Purchasing a distressed property, fixing it, and then selling it for a quick profit can be very rewarding financially. But successfully flipping a house requires a well-thought-out plan and a source of short-term financing. This article provides insight into the types of loans and the costs to expect with a fix and flip house.

What Are the Types of Loans for Fixing and Flipping?

There is a wide range of loans available for fixing and flipping projects. 

Loans for fix and flip projects are typically financed by private sources who specialize in matching investors with real estate projects. Banks are also an option. But will not usually finance properties in poor condition. Nor will they often take on the risk of renovations.  

Callout 1: Financial planning for a fix and flip- quote from text about successful house flipping

This list summarizes the options and provides insight into the pros and cons of each type.

  • Cash-out Refinance. This loan uses the existing equity from your home to invest in the fix and flip property. This will result in a larger mortgage on your primary residence with attendant increased payments at current interest rates. The benefit is that interest payments may be tax deductible. The downside is that your home is on the line for the project. It can actually be foreclosed if you don’t keep up the payments. Plus, with today’s interest rates, you may wind up with higher interest and payments.
  • Home Equity Loan. This type of loan is a second mortgage on a principal residence. You are, in essence, using your primary home as the collateral on your fix and flip property. Another disadvantage is that the loan amount available will depend on your home’s value. You can usually borrow up to 85% of the home’s value.
  • Home Equity Line of Credit. This type of loan is a revolving line of credit secured by your home’s value. It’s like a home equity loan, but it’s more like a credit card, with payments changing based on the amount financed. Often the interest rate is variable and can change from month to month. The changing balance and interest rate can add variability to your monthly payments.
  • 401(k) Loan. With this type of loan, you’re borrowing from your retirement funds. The approval process is usually straightforward, with any interest payable to your own account. The downside is that the IRS limits the amount you can borrow to $50,000. That limits your options for the fix and flix project. The other downsides are that you’re jeopardizing your retirement plans, and unpaid amounts can be designated as a plan distribution with attendant taxes and penalties.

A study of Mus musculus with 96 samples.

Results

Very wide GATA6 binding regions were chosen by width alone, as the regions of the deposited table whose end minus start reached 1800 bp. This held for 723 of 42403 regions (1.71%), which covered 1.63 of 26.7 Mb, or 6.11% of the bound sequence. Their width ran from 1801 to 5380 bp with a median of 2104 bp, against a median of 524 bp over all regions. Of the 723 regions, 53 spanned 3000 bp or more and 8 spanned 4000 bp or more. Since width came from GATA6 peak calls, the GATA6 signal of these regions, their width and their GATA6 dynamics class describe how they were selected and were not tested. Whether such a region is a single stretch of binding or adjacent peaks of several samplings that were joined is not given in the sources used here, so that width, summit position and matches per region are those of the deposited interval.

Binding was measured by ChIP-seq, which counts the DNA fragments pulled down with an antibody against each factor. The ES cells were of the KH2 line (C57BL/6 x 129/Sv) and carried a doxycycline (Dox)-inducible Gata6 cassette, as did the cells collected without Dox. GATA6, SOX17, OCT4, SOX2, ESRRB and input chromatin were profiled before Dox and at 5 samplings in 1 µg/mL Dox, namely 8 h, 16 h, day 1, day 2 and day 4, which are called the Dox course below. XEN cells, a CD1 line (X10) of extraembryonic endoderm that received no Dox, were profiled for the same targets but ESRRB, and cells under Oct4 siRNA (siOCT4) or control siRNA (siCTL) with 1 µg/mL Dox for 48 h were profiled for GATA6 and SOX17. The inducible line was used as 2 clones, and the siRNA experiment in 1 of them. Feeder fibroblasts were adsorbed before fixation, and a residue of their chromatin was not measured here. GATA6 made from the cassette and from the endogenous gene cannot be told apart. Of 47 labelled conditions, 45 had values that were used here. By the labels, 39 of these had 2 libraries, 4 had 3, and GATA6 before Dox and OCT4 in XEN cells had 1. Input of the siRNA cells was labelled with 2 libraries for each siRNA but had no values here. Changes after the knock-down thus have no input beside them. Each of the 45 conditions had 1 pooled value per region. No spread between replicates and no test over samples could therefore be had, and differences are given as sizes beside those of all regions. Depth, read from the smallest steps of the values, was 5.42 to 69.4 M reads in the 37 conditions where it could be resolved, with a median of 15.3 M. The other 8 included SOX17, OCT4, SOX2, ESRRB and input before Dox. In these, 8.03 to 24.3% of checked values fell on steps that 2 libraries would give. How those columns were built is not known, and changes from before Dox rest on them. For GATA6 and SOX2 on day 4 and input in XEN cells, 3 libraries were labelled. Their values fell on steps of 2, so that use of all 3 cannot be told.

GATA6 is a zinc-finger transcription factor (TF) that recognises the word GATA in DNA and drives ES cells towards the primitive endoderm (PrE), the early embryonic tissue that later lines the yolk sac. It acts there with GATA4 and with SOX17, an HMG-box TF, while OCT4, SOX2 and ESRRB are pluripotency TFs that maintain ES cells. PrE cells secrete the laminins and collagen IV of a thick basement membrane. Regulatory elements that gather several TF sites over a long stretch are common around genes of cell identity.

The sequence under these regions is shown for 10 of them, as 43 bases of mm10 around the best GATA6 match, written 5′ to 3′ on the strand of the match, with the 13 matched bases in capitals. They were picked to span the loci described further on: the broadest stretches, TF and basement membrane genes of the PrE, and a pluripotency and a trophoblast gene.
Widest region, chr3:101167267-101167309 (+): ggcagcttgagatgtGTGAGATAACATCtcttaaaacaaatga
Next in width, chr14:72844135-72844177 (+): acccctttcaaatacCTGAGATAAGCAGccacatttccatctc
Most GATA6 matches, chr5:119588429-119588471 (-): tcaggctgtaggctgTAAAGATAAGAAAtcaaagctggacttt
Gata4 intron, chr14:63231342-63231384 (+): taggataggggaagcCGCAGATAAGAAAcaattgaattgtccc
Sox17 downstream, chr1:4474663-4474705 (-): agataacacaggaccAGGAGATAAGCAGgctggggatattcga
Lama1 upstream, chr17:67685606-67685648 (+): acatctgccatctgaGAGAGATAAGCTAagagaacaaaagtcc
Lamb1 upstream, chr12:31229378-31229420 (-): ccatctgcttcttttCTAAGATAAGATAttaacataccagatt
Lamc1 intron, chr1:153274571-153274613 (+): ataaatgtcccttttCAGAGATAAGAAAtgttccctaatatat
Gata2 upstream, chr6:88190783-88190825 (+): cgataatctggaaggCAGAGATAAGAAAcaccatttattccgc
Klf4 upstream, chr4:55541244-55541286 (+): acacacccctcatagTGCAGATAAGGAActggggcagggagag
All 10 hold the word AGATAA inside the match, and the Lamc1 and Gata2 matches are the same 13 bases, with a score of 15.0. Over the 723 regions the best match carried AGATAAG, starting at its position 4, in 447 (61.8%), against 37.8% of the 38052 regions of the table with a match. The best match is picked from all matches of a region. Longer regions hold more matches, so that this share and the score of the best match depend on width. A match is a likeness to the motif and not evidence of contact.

• Personal Loan. This type of loan is provided by a lender based solely on your credit score and income. It is unsecured by any collateral. The benefit is that it is a quick and easy process. The disadvantage is that interest rates are high, and repayment terms vary from one lender to another.
  • Crowdfunding. Real estate crowdfunding involves getting a large group of people to finance a project using a website or online tools to solicit funds. This funding source offers lower capital costs and shorter timelines for securing funds. Plus, there are several online systems readily available for project sponsors and investors.
  • Hard Money Loan. With hard money loans, you can expect lower down payments, a quick qualification process, and flexible repayment terms. But you can also expect higher interest rates and shorter terms. 
  • Bridge Loan. Bridge loans are short-term financing, usually from six to 12 months and often 18 or 24 months. They are used to bridge one form of financing to another over the short term. That includes securing funding for the time needed to fix and then flip a real estate investment property. These loans offer quick qualifying and closing, terms ranging from weeks to months, and interest-only payments. Interest rates are higher than bank loans, and closing costs and fees are also higher. 
  • Rehab Loan. Rehab loans bundle both the purchase and renovation costs into a single loan. Rehab loans include FHA 203(K) construction loans and Fannie Mae HomeStyle renovation loans. These loans offer low down payments but require the borrower to live in the home along with several other arduous requirements.  

Callout 2: types of loans available for fix and flip projects

What Does It Cost to Fix and Flip a House?

When pursuing a loan for your fix and flip project, it’s essential that you determine upfront all the money you’ll need and when you’ll need it. Here are the critical costs to consider.

  • Down Payment. Down payments can range from 20% to 25% of the purchase price. That also depends on the type of loan you’re seeking.
  • Finance Costs. During the loan term, which runs from the original purchase to the final sale, you’ll be paying interest on the loan. The amount will depend on the type of loan and the interest rate.
  • Repairs and Renovations. This is the cost of materials and labor for all the fixes and renovations. It’s also wise to include a contingency amount to cover those unexpected challenges that can happen as you start on the repairs.